The public debate on the draft law on climate change has wrapped up, and the future bill is expected to be submitted to the parliament by the end of 2018, Environmental Protection Minister Goran Trivan said at the EU-Serbia Talanoa High-Level Conference in Belgrade, held as part of the Talanoa Dialogue for Climate Ambition.
The future law will align Serbia’s measures to reduce greenhouse gas (GHG) emissions with international agreements, including the Paris Agreement, which Serbia has signed and ratified and which is aimed at strengthening the global response to the threat of climate change by keeping a global temperature rise this century well below 2 degrees Celsius above pre-industrial levels.
“Money represents a serious shortcoming in attaining the goal of a healthy environment and sustainable development, but we must think globally and use Europe’s and the world’s experiences, and act locally, as European funds and investments can be tapped through project and technical documentation produced by local governments, enterprises, and institutions,” Trivan told the conference.
Serbia’s biggest problem in terms of cutting emissions is its reliance on coal, he said, noting that the country will have to monitor the development of clean coal technologies.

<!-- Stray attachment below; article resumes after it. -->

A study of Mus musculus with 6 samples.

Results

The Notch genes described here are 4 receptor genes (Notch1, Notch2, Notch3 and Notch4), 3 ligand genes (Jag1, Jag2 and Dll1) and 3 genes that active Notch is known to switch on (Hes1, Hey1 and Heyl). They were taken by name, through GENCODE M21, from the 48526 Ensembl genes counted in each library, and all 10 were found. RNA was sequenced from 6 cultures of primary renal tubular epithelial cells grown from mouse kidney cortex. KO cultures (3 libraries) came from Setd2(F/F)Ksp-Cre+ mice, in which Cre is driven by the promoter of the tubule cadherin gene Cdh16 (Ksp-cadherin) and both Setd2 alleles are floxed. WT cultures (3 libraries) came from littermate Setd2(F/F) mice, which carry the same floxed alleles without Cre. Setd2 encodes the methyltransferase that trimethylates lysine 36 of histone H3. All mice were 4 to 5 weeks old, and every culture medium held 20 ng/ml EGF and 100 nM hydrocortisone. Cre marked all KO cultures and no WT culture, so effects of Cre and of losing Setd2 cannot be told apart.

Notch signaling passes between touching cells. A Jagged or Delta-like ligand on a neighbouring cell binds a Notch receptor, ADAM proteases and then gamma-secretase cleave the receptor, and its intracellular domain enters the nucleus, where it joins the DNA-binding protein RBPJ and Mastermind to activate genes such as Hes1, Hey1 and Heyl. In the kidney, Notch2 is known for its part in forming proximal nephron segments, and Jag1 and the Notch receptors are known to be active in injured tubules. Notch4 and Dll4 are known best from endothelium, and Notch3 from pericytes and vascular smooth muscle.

At the conference, Dirk Buschle, deputy director of the Energy Community’s Secretariat, said that coal is “toxic” both in terms of health and regulations, such as the EU’s large combustion plants directive, and he also called for a switch to an auctions system to better exploit renewable energy sources.
Speakers at the Talanoa conference included Elina Bardram, head of unit at the European Commission’s Directorate General Climate Action, and Ana Vuković of the Regional Cooperation Council, who presented the findings of a study on climate change impacts and on regional/national climate change projections.
The conference was organized by the European Commission and the Ministry of Environmental Protection, as part of the EU-funded Regional Implementation of Paris Agreement Project (RIPAP).
Talanoa is a traditional word used in Fiji and across the Pacific to reflect a process of inclusive, participatory and transparent dialogue with the purpose to share stories, build empathy and to make wise decisions for the collective good. The UN’s 2018 Talanoa Dialogue Platform is aimed at detecting how mutual action can move the global climate agenda forward. It is a year-long process of discussions, consultations, events and expert inputs that will culminate at this year’s 24th Conference of Parties (COP24) in Katowice, Poland on 3-14 December 2018.